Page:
Ohio Sen. Chris Widener (R., Springfield) deserves credit for his key vote to expand Medicaid in Ohio.
But his second act — turning the expansion’s estimated savings into an income tax break for Ohioans — is another matter. It represents a spin for his conservative base and another unnecessary measure to reward the rich and ignore the poor.
Mr. Widener was one of two Republicans whose decisive votes on a state budgetary panel authorized the first phase of an expansion of Ohio’s Medicaid program.
The state Controlling Board voted 5-2 to accept federal money to extend eligibility in the Medicaid health-insurance program to 275,000 Ohioans, most of them working poor. The federal Affordable Care Act, also known as Obamacare, will pay nearly all the cost of the expansion.
Gov. John Kasich notably engineered the vote, now challenged by six Republican state representatives and the Cleveland and Cincinnati chapters of Right to Life.
After the vote, Mr. Widener proposed taking an estimated $400 million in savings from the expansion and turning it into a 4 percent across-the-board income tax cut in 2014.
Any “across-the-board” tax break from Columbus, despite its egalitarian guise, rewards the rich at the expense of the middle class and poor.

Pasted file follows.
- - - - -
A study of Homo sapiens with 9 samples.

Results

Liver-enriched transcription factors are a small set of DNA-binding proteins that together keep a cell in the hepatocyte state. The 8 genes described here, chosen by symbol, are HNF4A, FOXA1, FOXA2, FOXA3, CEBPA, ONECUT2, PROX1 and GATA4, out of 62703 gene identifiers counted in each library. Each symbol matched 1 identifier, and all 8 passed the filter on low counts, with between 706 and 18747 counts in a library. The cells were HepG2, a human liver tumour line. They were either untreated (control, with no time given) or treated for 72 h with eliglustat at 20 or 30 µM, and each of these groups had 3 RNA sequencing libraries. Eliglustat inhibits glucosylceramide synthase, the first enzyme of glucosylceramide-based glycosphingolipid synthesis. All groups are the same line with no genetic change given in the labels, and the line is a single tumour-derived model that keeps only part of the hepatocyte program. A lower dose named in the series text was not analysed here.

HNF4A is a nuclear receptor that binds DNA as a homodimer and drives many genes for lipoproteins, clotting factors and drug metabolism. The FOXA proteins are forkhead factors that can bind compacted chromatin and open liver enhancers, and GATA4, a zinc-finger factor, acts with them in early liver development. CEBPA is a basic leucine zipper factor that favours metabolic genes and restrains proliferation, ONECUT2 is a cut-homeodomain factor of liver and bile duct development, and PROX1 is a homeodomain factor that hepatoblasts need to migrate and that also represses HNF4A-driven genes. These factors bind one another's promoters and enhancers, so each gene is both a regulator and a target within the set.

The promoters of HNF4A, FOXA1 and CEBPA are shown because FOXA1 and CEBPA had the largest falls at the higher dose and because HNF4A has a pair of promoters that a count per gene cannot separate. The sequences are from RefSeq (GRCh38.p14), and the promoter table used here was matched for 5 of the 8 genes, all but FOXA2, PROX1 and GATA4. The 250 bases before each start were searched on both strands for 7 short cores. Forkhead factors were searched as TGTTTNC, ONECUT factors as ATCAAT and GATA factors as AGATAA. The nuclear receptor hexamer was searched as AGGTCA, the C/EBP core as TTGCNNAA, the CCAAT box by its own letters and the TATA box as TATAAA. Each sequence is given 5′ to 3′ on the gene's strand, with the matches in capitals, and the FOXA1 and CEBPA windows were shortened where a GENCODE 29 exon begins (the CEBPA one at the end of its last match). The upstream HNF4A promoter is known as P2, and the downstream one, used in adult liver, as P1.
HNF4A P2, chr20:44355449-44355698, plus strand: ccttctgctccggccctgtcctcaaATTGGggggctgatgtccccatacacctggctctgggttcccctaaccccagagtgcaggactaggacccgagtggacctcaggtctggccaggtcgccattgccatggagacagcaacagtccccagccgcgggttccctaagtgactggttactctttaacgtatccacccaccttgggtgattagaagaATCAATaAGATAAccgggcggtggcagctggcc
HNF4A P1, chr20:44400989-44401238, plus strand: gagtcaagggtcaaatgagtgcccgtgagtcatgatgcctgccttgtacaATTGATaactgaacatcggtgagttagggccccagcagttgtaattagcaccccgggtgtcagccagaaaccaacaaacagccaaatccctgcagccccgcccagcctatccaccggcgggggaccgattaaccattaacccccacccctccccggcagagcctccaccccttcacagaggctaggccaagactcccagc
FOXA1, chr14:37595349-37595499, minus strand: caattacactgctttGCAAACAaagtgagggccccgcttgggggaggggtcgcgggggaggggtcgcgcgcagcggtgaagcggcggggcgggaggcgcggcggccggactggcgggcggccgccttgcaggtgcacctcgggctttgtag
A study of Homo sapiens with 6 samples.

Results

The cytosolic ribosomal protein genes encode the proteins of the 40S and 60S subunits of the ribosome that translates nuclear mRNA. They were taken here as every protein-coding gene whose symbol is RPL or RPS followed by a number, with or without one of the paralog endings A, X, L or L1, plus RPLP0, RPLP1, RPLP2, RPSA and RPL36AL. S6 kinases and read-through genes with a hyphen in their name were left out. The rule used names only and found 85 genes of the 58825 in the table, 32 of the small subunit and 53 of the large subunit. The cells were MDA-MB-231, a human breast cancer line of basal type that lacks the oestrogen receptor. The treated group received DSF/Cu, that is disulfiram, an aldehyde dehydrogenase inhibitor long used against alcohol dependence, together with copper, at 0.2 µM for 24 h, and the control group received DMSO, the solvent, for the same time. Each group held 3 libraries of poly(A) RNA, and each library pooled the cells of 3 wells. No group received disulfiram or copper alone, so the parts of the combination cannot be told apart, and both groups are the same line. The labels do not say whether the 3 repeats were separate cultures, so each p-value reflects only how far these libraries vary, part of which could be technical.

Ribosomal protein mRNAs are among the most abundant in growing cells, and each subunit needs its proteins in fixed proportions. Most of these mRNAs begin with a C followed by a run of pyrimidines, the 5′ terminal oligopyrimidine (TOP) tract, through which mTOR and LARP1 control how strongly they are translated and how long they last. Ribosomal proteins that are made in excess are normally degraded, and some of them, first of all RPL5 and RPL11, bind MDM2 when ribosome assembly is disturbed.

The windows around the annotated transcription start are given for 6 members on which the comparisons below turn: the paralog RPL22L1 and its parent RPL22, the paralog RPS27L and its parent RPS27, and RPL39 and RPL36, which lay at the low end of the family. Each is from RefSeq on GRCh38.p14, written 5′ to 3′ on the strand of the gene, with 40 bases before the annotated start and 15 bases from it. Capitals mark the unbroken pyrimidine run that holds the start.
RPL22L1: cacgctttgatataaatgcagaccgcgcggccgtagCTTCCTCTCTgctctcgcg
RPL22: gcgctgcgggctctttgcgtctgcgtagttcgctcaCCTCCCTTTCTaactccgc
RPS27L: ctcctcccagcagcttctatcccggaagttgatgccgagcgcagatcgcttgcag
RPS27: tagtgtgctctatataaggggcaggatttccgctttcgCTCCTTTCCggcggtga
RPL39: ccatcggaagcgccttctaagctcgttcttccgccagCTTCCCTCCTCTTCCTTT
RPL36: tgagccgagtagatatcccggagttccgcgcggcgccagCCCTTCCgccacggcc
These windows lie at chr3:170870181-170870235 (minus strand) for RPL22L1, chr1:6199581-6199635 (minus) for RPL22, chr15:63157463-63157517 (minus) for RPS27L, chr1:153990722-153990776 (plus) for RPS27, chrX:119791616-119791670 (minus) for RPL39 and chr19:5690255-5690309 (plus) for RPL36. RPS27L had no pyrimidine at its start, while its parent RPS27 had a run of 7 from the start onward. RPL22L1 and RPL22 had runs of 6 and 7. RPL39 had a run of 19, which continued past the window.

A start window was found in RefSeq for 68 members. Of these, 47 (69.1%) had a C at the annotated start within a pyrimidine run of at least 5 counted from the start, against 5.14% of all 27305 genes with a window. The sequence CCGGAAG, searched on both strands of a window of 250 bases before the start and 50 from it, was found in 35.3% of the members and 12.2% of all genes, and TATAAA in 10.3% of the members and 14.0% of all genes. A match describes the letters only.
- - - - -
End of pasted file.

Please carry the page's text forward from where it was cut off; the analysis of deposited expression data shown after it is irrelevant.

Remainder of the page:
Consider these figures from the Institute on Taxation and Economic Policy, a nonprofit Washington research group that analyzed the effects of Mr. Widener’s proposal:
Ohioans in the top 1 percent, earning $360,000 or more a year, would get an average yearly reduction of $1,437. Those at the bottom, making under $19,000, would get an average $1 deduction, enough for a cup of coffee.
Mr. Widener’s proposal comes on top of recent state tax changes in which a three-year, 10 percent income tax cut will, in effect, give one-third of the tax cuts to the top 1 percent.
Instead, Medicaid expansion savings should go toward restoring Ohio College Opportunity Grant aid to public community college students, increasing the numbers of police officers and firefighters around the state, and hiring more teachers.
Mr. Widener’s proposal is little more than grandstanding. If savings did result, they would push the state’s rainy day fund over its $1.5 billion statutory limit and automatically trigger an income tax break for Ohioans.